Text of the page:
Opinion: After Charlottesville, Netanyahu’s hard choice

The racist Charlottesville rally may prove to be a seminal moment not just for the Trump administration, but also for determining Netanyahu’s legacy as a champion of Jewish rights.

By: Jonathan S. Tobin/JNS.org

During the eight years when he was saddled with President Barack Obama as his counterpart in Washington, Prime Minister Benjamin Netanyahu was bitterly criticized from the left by those who believed he was endangering Israel’s vital alliance with the U.S. They warned that his public confrontations with the president were both inappropriate and had the potential to turn support for the Jewish state into a partisan issue, since some Democrats interpreted these disputes as a reason to accelerate their drift away from the pro-Israel camp.

Today, they are singing a different tune.

The same people who spent eight years slamming Netanyahu’s willingness to publicly take on a U.S. president are now loudly lamenting his refusal to do just that. Netanyahu was slow to respond to an anti-Semitic and racist march in Charlottesville, Va. His refusal to issue any statement that could be interpreted as a criticism of President Donald Trump is being blasted as a betrayal of Jewish values and his country’s best interests.

Are his critics hypocrites? Of course they are.

Are they wrong? Not entirely.

What they are demanding might create a dangerous breach with a president who has seemed to have Israel’s back on the conflicts with both the Palestinians and Iran. But such a course of action would also be in accord with Netanyahu’s own definition of his responsibility to be not just the head of Israel’s government, but also a defender of the interests of all Jews.


Obama came into office determined to achieve more “daylight” between the two allies and ginned up disputes with the Israelis every chance he got. As his quest for a rapprochement with Iran took shape, the hostility between the two leaders reached unprecedented levels. Netanyahu’s decision to accept a Republican invitation to address Congress to urge it to reject the Iran nuclear deal enraged Obama’s party. Though most Israelis agreed with Netanyahu’s arguments, many worried that he went too far in opposing Obama and provided an excuse for those Democrats who wished to abandon Israel.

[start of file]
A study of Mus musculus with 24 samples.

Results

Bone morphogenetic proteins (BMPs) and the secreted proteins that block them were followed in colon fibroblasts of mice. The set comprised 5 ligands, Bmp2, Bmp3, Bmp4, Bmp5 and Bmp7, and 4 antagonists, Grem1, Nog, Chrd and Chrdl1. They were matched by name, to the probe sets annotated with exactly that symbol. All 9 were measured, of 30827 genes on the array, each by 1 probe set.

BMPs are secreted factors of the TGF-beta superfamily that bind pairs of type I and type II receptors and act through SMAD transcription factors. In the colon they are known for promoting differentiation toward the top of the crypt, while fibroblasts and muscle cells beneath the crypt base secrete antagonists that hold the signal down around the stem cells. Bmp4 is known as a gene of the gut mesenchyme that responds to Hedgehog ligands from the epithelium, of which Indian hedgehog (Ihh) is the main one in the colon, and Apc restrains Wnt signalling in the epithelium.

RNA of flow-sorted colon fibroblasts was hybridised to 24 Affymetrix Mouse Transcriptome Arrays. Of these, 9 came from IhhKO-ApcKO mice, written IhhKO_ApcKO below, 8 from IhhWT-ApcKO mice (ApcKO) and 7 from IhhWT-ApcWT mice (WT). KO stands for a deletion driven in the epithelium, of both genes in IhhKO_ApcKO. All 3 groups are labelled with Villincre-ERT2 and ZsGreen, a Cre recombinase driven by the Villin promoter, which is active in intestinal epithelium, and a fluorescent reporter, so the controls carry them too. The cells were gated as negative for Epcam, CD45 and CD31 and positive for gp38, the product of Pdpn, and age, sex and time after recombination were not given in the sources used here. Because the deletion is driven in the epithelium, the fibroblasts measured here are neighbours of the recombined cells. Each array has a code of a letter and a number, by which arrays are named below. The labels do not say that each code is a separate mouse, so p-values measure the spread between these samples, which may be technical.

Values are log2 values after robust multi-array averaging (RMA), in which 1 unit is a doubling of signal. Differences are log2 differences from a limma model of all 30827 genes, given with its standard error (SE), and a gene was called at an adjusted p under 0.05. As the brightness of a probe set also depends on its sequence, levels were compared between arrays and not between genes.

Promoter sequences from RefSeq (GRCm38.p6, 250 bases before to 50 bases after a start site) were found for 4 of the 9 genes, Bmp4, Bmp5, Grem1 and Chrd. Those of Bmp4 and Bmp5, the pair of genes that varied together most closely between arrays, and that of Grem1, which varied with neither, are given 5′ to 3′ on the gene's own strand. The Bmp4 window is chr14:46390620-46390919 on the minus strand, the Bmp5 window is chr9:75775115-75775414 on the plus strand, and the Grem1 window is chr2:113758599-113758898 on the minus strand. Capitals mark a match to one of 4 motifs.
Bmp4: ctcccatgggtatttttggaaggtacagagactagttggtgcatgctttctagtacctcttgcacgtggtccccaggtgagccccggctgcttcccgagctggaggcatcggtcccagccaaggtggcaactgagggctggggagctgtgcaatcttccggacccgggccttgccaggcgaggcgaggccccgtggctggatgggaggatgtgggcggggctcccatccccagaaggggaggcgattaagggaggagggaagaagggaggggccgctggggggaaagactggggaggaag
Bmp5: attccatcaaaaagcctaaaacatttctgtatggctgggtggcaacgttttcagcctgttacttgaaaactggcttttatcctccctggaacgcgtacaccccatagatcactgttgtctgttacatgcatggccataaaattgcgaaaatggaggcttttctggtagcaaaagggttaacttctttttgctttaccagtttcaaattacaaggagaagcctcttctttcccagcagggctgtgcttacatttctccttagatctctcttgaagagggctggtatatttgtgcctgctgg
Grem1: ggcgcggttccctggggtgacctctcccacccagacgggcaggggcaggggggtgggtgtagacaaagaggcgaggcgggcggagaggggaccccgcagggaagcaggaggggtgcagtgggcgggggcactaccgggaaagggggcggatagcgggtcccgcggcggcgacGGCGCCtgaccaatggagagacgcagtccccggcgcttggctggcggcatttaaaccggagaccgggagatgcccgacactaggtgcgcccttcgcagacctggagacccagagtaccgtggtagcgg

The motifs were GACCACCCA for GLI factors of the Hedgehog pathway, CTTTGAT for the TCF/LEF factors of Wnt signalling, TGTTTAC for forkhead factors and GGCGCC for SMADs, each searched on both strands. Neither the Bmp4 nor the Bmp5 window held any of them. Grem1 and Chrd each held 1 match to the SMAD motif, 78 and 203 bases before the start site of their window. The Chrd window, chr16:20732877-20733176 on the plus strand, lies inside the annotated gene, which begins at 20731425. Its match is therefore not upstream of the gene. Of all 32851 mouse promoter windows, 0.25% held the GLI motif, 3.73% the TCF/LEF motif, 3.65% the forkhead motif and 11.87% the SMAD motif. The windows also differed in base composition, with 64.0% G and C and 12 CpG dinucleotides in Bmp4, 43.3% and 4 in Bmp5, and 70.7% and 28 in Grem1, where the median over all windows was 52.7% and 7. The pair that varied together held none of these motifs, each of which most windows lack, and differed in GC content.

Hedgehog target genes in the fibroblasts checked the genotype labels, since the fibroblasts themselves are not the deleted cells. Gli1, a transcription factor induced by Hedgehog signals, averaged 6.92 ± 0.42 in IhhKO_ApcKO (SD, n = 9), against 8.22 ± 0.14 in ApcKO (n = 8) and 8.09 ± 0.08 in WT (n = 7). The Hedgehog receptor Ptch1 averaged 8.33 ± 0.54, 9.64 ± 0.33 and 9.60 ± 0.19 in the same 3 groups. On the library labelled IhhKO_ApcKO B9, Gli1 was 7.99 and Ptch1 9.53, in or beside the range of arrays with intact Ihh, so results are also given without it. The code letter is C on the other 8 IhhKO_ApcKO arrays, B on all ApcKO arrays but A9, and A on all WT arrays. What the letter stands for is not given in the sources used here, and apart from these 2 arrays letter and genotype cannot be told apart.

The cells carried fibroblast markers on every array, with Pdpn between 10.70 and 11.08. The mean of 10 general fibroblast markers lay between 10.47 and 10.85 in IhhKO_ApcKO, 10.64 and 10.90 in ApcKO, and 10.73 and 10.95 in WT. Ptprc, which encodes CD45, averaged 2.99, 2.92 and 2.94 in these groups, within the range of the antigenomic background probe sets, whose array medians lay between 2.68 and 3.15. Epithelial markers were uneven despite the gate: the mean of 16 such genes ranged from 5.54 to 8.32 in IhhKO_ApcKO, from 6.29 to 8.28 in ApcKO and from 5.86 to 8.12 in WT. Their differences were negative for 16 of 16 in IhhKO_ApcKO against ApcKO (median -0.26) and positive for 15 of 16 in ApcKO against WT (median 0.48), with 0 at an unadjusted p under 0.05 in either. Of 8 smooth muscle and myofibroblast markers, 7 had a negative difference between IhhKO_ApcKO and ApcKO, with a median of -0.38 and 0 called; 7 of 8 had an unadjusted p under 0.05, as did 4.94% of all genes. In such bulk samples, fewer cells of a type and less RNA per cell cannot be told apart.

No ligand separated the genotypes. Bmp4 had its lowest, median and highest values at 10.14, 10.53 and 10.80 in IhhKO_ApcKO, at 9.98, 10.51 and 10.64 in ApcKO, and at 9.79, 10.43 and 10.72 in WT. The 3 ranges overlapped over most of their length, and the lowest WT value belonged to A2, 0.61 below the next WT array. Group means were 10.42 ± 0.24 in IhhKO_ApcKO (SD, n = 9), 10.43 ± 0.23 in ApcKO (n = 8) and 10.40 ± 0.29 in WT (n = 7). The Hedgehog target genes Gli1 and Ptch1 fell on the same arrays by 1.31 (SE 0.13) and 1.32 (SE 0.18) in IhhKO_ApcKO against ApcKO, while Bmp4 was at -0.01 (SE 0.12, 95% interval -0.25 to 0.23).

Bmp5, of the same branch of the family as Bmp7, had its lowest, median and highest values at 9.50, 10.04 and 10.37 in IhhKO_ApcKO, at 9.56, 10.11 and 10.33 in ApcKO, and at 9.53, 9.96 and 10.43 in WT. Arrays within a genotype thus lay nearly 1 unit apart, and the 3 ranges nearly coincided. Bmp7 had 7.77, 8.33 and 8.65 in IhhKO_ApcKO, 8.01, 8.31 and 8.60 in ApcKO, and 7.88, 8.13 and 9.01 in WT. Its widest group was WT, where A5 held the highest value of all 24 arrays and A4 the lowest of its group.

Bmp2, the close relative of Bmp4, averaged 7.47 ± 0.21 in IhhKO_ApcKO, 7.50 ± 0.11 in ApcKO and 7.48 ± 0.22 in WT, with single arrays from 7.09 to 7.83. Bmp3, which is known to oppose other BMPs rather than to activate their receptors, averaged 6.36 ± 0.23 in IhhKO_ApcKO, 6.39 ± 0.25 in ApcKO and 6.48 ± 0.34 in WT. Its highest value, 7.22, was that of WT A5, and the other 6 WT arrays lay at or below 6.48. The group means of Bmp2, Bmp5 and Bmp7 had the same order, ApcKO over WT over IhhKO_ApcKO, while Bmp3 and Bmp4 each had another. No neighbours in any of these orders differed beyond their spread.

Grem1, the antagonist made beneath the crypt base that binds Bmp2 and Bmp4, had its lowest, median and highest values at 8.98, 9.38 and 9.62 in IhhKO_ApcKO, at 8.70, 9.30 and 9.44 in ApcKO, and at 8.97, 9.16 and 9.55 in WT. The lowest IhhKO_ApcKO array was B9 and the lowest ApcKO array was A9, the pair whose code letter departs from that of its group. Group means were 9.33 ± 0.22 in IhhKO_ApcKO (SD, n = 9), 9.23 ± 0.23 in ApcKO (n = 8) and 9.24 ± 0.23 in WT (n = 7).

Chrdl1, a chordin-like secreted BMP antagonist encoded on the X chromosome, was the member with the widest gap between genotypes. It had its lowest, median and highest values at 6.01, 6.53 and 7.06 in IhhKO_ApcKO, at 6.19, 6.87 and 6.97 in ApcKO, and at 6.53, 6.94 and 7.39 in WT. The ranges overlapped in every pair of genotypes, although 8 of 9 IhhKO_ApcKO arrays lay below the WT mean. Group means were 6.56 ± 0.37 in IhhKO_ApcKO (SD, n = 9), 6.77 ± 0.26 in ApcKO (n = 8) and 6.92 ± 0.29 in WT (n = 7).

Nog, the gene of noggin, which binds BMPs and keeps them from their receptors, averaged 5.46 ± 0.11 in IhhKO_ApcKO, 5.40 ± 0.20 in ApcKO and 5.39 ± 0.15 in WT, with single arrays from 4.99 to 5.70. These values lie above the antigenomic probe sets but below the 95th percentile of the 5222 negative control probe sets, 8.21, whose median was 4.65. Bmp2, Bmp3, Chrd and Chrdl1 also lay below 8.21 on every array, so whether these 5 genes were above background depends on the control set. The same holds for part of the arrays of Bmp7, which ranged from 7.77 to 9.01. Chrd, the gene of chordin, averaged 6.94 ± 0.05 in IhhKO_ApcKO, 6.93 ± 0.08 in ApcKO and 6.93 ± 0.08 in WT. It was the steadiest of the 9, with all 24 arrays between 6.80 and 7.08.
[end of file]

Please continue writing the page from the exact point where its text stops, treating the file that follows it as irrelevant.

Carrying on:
Trump’s election provided a welcome change. The Palestinians were frustrated by what they saw as unflinching support for Netanyahu’s positions. So it is hardly surprising that the prime minister has sought to avoid trouble with Trump. When American Jewish liberals were lobbing largely unjustified accusations of anti-Semitism at the president, Netanyahu stood by his friend in the White House.

Even after Charlottesville, that remains the position of many on the Israeli right and die-hard Trump loyalists in the U.S., who treat controversy as “fake news.” Many among the prime minister’s supporters probably also agree with Communications Minister Ayoub Kara when he said that the “terrific relations” with Trump mean “we need to put declarations about the Nazis in proper proportion.” The same explanation accounts for the government’s attitude toward European governments that are friendly to Israel but perceived as soft on anti-Semitism.


As Lord Palmerston said, nations “have no eternal allies, and we have no perpetual enemies. Our interests are eternal and perpetual, and those interests it is our duty to follow.” That aphorism can be used to justify embracing some strange bedfellows in the defense of Israeli security. But the problem for Netanyahu is that it ill behooves a prime minister who based his challenge to Obama by speaking of his obligation to defend the interests of all of the Jewish people, to now lose his voice with respect to anti-Semitism.

Far from being concerned with the future of the alliance, Netanyahu’s critics are hoping a spat with the hypersensitive Trump will lead the billionaire to turn on Israel’s government to gain revenge for any statement that he would consider a betrayal. They want Trump to put brutal pressure on Israel to make concessions to the Palestinians and don’t care why he does it. Nor do many seriously believe that any of the possible alternatives to Netanyahu would have the chutzpah to challenge Trump. But critics are correct to note that Netanyahu going quiet about presidential statements that were rightly assailed for asserting a degree of moral equivalence between neo-Nazis and their opponents was problematic.


Far from being a minor kerfuffle, Charlottesville may prove to be a seminal moment for the Trump administration as well as the fight against anti-Semitism. If Netanyahu speaks forcefully about it, he may be taking a risk, but not doing so will damage his legacy as a lifelong champion of Jewish rights.